The sweet potato — a delicious superfood

Published 12:00 am Tuesday, September 23, 2014

The newest crop out there in September is sweet potatoes, a North Carolina favorite. North Carolina is No. 1 in the nation for total acres of sweet potatoes, so it’s no wonder the sweet potato was chosen the official North Carolina vegetable in 1995.
Among the many outstanding facts about this superfood is sweet potatoes may have been around since the dinosaurs were here. Can’t you just see T. rex chomping on a few bushels as a side dish with his velociraptor?
The North Carolina Department of Agriculture says the Coastal Plains are the hot spot for growing the sweet potato, with Nash County being a top producer. Sweet potatoes like a sandy soil.
A recent article in North Carolina Field and Family, a magazine for Farm Bureau members, touts the sweet potato as an excellent source of vitamins A and C. They have more fiber than a bowl of oatmeal, and loads of beta-carotene, which is good for eyesight and boosts the immune system. Sweet potatoes also have calcium, protein and iron.
Sweet potatoes have a neutral effect on blood sugar and are considered a good carb. Research is being done to see if the skin of the sweet potato can be made into a substance to control blood glucose levels.
Three-hundred fifty farmers work 53,000 acres of sweet potatoes in North Carolina. Farmers must also cure the sweet potatoes for best flavor in a warm, humid environment. Curing brings out the natural sweetness. Refrigeration kills the flavor, leading to bitterness and a loss of nutrition. Washing will speed up deterioration, so leave them dirty. Curing means sweet potatoes should be available year-round.
You probably won’t see them in the grocery store, but sweet potatoes can have flesh that varies from white to purple. The taste is basically the same. Many decades ago, producers switched from the white sweet potato to the orange fleshed ones. Producers and shippers picked out the African word nyami and called the orange potatoes yams, which is wrong, wrong wrong. Sweet potatoes are neither potatoes nor yams and are related to morning glories.
As part of the Savor the South cookbook series, April McGreger wrote “Sweet Potatoes,” which contains some pretty amazing and fascinating history, as well as 50 recipes.
“All Southerners — rich or poor, black or white — owe no less than their lives to it. During and after the Civil War, sweet potatoes are said to have saved both rich and poor from starvation,” McGreger writes. She says De Soto found Native Americans growing sweet potatoes in Louisiana and Georgia in 1540, and by 1648, sweet potatoes had spread to Virginia. McGreger’s research says sweet potatoes date as far back as 8000 B.C. Europeans discovered them when Columbus visited Haiti in 1492.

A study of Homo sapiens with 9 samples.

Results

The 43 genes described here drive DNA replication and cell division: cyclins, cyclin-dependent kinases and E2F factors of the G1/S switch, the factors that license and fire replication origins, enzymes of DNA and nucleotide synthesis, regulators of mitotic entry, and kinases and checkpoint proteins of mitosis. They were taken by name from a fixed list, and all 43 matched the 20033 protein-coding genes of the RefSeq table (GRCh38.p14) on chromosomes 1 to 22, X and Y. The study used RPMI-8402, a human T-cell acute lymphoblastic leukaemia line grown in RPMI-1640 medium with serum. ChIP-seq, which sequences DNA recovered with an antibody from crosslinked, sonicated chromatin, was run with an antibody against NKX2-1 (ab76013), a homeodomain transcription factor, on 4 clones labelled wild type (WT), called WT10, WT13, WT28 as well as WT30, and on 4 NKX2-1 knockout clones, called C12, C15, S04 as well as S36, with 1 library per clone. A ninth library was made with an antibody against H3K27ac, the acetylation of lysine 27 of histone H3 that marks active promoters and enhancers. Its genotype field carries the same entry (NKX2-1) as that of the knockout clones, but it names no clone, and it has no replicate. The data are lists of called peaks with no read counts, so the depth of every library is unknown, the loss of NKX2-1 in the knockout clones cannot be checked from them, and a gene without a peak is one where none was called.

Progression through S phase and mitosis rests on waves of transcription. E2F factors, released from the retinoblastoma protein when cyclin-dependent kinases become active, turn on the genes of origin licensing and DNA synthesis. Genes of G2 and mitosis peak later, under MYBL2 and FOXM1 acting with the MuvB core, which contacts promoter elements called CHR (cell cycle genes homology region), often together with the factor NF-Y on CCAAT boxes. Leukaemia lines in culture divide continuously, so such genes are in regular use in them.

She discovered that the white, Russet potato came to America long after the sweet potato and that old cookbooks that used potatoes in a recipe meant sweet potatoes. White potatoes were often called Irish potatoes. The yam also came into play when Africans were brought here as slaves and were fed yams on the journey. Once here, they ate sweet potatoes, instead.
McGreger wrote that the slaves often grew their own food, with sweet potatoes being a major part of their diets. Eating more vegetables actually kept disease down, while the white owners, who ate mostly meat, were stricken with stomach ailments.
McGregor’s favorite way of preparing sweet potatoes is steaming, which takes less time than baking and keeps well, once cooked, in the refrigerator. She says microwaving is acceptable, but dilutes the flavor. She also points out sweet potatoes can be eaten raw.
There are hundreds of varieties of sweet potatoes, though you’ll probably only see a few in the grocery store, and they won’t be labeled. Sweet potato consumption is nothing close to what it used to be, when children and workers took roasted sweet potatoes for their lunches and often had them for dinner and breakfast, as well. As more foods became available in the South, families had many more choices. But sweet potatoes are making a comeback, as people switch to a healthier lifestyle and try to eat foods that are good for them, not just convenient.
Sweet potatoes can be steamed, baked, roasted, sauteed, boiled, grated. They’re good in baked goods, salads, soups and especially with a big slab of butter melting into them.